A Different Social Networking Paradigm

Wouldn’t it be nice if you had control of all your social networking information in one location? Forget about keeping track of how many social network sites you have signed up with. Stop trying to remember which friends are using which networking site. Ignore having to cross link and make duplicate uploads. Wouldn’t it be nice to just consolidate all the information you want to share into topics and groupings the way you want to present it and only have to maintain it in one place?

It could be a location on your own personal laptop or one location hosted by your favorite ISP. It would be your collection of information, relevant to you, organized according to your preferences. Everyone already does this with their belongings. Why should I have to place my things someplace outside of my control just to share them, when I can define a link to the definitive resource?

Having your belongings scattered about across many websites is cumbersome and difficult to maintain. It’s much easier to have it generally located in the same place. I have all my stuff where I want it, you have yours where you want it.

Now I can share some of my stuff. I share only what I want to. The rest is private. Essentially each individual defines links to the information they want to share with others. Each individual presents a point of view of who they are. Nothing new here, we all do this in real life already. But remember I’m talking about information on my laptop.

Next, friends share information with each other about where their stuff is accessible. It would be a portal to their information. Now friends can see the presentation of other friends. They can see each others point of view or perspective. Each persons collection of information is still controlled locally but accessible between each other.

There will likely be common interests between friends. They could start a topic of interest. A set of information of similar interest. Essentially it is a collection of links back to the original information. Friends discover there is information about others being shared. Those friends can establish a group. They share similar interests, similar topics of interest.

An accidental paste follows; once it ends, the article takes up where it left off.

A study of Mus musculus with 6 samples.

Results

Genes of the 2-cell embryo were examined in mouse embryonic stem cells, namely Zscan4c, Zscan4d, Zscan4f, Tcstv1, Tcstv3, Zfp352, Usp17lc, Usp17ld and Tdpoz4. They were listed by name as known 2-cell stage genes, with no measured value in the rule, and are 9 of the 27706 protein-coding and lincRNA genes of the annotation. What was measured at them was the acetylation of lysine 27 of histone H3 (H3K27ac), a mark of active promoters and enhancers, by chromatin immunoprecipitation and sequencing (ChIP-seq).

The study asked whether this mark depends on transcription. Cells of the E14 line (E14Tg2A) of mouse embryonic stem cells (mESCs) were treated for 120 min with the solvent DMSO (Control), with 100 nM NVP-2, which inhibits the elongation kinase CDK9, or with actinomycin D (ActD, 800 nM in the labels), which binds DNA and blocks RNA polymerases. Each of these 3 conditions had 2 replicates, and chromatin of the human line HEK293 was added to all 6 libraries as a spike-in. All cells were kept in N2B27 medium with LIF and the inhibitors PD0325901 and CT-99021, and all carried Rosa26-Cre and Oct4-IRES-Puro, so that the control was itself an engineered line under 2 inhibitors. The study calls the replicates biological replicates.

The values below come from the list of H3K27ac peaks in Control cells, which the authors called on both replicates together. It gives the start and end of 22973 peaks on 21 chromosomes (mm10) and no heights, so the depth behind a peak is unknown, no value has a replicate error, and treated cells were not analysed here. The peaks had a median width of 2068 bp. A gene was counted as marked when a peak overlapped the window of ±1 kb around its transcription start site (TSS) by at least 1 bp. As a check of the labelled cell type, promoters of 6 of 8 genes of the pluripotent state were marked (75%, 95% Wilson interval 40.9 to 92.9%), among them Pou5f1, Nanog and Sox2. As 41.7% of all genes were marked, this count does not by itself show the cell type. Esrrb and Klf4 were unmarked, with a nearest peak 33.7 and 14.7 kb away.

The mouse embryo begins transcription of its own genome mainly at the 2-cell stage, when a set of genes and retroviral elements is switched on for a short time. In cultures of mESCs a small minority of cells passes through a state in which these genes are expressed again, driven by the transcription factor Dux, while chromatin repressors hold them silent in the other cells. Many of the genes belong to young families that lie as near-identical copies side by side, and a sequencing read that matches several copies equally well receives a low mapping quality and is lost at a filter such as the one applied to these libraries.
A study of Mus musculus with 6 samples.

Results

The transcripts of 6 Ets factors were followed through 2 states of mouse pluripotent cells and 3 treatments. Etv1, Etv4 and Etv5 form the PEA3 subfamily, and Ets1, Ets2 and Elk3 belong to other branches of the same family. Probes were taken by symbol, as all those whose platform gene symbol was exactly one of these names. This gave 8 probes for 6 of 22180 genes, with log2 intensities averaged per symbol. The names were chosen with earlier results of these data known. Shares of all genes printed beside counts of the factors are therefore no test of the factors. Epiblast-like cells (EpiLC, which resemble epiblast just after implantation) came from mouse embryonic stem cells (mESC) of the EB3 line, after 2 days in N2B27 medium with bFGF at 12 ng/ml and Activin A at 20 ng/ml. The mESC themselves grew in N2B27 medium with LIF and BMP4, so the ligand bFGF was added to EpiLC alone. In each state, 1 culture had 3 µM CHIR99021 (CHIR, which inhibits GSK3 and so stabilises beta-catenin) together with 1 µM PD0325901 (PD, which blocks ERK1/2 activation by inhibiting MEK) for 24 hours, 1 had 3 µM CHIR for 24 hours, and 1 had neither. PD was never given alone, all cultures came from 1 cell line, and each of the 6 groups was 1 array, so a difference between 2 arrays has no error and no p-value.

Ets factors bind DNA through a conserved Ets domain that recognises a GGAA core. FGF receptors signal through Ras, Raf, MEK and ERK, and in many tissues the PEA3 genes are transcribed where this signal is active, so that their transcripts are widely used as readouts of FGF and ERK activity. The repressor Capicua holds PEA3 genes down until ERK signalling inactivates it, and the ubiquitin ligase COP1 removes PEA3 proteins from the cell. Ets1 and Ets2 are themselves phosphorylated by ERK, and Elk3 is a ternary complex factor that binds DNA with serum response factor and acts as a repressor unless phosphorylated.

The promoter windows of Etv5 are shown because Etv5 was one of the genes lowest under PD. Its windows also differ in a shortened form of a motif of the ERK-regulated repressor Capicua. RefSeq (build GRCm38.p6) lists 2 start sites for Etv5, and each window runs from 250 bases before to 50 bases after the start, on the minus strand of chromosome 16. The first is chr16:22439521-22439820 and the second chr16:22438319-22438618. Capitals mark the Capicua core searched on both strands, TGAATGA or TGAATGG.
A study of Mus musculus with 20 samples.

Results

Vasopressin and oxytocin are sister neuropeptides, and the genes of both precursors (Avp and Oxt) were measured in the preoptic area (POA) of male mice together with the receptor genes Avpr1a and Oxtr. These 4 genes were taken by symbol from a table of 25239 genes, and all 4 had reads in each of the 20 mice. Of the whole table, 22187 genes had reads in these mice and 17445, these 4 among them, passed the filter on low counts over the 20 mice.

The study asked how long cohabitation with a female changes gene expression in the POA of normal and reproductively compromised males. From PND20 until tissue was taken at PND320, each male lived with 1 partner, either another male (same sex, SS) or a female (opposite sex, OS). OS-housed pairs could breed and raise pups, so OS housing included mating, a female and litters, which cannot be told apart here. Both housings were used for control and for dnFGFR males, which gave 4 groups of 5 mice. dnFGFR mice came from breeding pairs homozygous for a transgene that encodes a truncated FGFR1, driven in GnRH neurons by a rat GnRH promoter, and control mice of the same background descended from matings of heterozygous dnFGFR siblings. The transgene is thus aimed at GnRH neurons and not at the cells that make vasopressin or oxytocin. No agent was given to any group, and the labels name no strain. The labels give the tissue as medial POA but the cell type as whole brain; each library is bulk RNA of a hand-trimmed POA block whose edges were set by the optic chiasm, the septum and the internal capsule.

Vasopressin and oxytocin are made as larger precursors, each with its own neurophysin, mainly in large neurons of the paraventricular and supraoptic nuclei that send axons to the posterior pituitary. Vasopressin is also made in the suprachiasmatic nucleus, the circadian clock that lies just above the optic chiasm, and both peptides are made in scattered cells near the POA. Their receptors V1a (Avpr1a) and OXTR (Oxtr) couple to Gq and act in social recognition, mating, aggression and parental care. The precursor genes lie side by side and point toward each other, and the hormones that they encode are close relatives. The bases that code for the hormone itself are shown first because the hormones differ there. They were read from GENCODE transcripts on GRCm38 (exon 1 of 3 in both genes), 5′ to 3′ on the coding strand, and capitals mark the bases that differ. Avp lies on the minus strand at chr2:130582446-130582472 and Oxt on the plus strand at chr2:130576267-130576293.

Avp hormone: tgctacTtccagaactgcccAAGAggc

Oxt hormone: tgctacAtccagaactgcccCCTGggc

So now individuals share their point of view, create topics of interest which others can contribute to and they can create, join or leave groups. Others may discover topics of interest and subsequently join groups base on similar interest. This starts to sound more like a real social network which individuals create from their perspective all from there own location, not across many different web sites. There are no accounts, no sign-up, no limitation on how information should be place, categorized or presented.

The concept of groupings can then be extended collections of groups. These would be communities. Groups would join and leave communities. Individuals would come and go as desired from the groups. It is very dynamic. The thing that always remains is the presentation of an individuals point of view and all the corresponding information that belongs to it.

All the information comes from individuals just as all the information on the internet today is posted audio, video, photos, text, etc. It is shared and discovered across peers rather than on web sites much like P2P sharing, but sharing links rather than files. Information will be tagged in multiple ways depending on its context and meaning. Hierarchical referencing should make it possible to access information of interest from multiple different points of view rather than from one perspective. Redundancy of information with multiple links of access discoverable across a distributed network approaches the mechanism required for universal memory. There are multiple entry points and multiple pathways to get to any bit of information.